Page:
Art in hotels is nothing new. But what about a hotel inside an artist’s studio?
From the outside, artist co-working space and gallery Blender Studios looks like any other nondescript warehouse. Everywhere else though, it’s teeming with life.
The back entrance, via a laneway, is covered in a chaotic mix of multi-layered graffiti and artworks. Inside, on the ground level, a mishmash of street, performance and fine artists are at work in 24 artists’ studios. The studios don’t have doors – to foster the cross-pollination of ideas – so you can wander the maze of works-in-progress and interact with “The Blenders”, which is encouraged.
But upstairs, Blender Loft – a mini-hotel in the form of a one-bedroom private apartment – is quite the opposite. For one, you have doors. The space is large and soothingly stripped-back, a calming juxtaposition to downstairs. And it’s light thanks to large windows that also provide city views.
While you’ll also find comforts that come standard in most hotels (robes, a coffee machine, a minibar and comfy queen-sized bed), there are a few that don’t, such as a rainwater shower with an in-built Bluetooth speaker, in case you feel like belting out some tunes while you wait for the conditioner to sink in. There’s also a yoga mat, complimentary non-alcoholic drinks and a basic kitchenette with a microwave.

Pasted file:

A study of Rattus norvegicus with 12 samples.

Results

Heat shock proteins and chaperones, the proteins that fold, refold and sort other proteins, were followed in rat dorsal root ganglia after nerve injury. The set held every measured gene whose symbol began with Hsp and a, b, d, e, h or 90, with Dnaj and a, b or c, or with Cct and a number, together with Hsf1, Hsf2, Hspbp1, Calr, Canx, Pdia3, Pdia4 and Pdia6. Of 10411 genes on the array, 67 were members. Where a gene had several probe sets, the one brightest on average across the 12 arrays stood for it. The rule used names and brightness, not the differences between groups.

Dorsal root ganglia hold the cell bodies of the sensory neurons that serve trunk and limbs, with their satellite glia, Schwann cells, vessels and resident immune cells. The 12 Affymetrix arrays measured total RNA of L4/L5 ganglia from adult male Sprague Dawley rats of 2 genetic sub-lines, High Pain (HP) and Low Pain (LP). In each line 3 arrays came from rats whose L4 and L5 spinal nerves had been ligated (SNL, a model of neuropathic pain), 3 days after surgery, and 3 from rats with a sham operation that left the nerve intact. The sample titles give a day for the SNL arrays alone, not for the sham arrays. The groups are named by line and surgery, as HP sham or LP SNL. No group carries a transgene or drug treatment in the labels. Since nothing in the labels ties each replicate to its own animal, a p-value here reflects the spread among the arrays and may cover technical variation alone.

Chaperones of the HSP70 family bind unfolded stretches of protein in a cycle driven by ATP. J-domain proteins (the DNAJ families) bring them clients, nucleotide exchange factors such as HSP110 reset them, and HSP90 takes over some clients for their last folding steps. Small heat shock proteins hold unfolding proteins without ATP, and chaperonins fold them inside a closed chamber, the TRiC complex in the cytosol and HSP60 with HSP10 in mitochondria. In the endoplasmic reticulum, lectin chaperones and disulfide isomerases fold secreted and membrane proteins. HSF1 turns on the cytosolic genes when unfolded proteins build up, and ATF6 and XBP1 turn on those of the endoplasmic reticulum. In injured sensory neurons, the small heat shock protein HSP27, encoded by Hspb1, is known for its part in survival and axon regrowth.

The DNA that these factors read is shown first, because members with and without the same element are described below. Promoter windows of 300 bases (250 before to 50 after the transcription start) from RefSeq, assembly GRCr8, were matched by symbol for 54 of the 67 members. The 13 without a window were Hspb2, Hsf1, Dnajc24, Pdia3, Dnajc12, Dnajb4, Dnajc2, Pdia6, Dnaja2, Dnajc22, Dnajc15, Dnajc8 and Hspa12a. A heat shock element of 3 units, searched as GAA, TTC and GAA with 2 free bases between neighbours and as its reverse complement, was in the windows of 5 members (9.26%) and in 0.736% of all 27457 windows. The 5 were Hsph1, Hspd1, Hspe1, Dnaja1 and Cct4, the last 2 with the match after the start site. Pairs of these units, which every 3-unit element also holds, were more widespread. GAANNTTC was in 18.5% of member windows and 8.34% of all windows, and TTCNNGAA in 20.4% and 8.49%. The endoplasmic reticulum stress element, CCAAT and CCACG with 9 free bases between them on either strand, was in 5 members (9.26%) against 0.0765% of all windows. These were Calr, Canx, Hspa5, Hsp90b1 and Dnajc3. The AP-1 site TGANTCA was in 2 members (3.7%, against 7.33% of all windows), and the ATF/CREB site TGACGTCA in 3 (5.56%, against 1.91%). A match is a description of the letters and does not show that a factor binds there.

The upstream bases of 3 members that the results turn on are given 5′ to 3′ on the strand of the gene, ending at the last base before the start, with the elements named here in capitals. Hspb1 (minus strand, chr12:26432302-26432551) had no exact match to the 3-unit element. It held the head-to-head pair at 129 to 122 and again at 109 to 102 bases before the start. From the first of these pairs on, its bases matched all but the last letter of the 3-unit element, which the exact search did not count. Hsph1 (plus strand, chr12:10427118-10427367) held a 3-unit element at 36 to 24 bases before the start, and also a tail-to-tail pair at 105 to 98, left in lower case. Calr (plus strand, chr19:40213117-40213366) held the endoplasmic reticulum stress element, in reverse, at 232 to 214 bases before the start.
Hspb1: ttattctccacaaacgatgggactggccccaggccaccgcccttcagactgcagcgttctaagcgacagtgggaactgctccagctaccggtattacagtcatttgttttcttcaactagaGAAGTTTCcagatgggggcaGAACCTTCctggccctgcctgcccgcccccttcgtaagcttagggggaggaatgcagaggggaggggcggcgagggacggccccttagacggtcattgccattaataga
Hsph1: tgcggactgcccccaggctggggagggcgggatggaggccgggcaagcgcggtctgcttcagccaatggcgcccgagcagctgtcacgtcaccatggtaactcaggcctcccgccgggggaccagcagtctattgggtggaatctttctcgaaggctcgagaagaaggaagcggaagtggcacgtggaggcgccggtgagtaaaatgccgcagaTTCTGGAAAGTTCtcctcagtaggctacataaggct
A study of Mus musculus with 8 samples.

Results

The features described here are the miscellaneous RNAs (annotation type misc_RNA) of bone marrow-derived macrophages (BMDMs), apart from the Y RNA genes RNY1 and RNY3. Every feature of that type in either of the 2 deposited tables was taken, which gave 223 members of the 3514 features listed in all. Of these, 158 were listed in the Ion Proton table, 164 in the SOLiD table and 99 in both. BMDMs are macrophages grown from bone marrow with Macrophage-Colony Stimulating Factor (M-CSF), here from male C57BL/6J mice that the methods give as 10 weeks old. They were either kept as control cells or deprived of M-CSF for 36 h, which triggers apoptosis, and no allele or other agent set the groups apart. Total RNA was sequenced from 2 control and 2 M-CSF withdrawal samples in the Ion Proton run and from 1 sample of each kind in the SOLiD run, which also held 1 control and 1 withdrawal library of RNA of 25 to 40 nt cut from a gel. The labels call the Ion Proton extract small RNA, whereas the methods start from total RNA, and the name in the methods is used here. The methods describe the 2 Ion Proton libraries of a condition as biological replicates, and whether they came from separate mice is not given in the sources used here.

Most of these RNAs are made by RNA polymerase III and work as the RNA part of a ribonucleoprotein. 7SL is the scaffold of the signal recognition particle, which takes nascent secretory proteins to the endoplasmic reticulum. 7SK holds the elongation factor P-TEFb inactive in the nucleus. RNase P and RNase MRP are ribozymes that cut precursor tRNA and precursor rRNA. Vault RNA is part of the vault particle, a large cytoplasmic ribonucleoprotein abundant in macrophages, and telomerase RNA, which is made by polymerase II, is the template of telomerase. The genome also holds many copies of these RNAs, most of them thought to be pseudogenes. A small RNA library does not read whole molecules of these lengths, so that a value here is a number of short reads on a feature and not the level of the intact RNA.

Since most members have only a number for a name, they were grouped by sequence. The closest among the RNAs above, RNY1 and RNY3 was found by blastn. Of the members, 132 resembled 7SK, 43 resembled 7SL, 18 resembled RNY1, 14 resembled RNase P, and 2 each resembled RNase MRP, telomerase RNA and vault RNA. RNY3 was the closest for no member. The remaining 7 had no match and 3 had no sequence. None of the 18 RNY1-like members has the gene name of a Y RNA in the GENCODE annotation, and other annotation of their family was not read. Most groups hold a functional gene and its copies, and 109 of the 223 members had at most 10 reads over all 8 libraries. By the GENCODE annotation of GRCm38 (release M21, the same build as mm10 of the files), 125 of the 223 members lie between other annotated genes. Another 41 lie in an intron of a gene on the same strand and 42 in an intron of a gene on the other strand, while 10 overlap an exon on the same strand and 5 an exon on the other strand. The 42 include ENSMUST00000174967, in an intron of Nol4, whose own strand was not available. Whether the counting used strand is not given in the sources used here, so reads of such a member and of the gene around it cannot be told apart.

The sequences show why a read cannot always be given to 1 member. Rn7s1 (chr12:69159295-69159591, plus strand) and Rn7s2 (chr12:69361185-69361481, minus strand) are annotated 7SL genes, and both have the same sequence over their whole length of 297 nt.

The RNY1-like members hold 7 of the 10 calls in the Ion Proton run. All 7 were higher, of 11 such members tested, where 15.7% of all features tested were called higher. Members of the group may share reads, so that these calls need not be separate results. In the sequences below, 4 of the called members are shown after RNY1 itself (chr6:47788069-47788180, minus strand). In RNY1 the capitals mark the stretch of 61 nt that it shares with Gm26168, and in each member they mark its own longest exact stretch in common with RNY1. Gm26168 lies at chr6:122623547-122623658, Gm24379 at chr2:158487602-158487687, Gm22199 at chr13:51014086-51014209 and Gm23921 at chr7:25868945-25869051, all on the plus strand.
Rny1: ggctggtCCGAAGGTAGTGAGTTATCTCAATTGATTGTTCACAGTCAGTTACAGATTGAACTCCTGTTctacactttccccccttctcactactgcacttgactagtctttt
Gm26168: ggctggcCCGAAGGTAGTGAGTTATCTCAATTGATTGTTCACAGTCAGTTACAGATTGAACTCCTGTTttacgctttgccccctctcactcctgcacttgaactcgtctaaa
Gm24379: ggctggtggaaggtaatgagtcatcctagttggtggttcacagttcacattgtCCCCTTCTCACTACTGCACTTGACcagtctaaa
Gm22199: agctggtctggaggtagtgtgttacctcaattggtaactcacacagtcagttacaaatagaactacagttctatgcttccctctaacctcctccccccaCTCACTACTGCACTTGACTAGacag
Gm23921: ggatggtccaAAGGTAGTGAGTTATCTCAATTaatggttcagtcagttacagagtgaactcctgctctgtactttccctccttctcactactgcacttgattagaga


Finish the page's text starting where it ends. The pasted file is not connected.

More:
But the space wouldn’t be complete without the loft’s reason for being: art.
“From my perspective, no one was doing an art hotel,” says Blender Studios director Adrian Doyle. “They say it is, but it’s all very commercial. There was no one doing a stay in an art studio. [And] the loft helps us keep the rent affordable for the artists.”
Doyle is referring to Melbourne’s Art Series Hotels, which are full of works by successful Australian contemporary artists such as John Olsen, Adam Cullen and Charles Blackman. The loft, though, is dedicated to showing only pieces from lesser-known Blender Studios artists. A selection of works are rotated through the room every three months, and most are for sale – that might mean tiny installations by Tinky or black and white prints by Man of Darkness.
If you just can’t get enough of the Melbourne art scene, you can visit the gallery space downstairs, and the team also hosts street-art tours and stencilling workshops.
“We actually had a woman stay who works in a juvenile prison in Tasmania,” Doyle says. “She did one of our workshops so she could take the skills to teach the kids.”
The loft is located in West Melbourne on the edge of the CBD. It’s a few minutes’ walk from Queen Victoria Market and a 15-minute walk from Southern Cross Station.
Blender Loft is at 33–35 Dudley Street, West Melbourne. Prices start at $199 per night, twin share.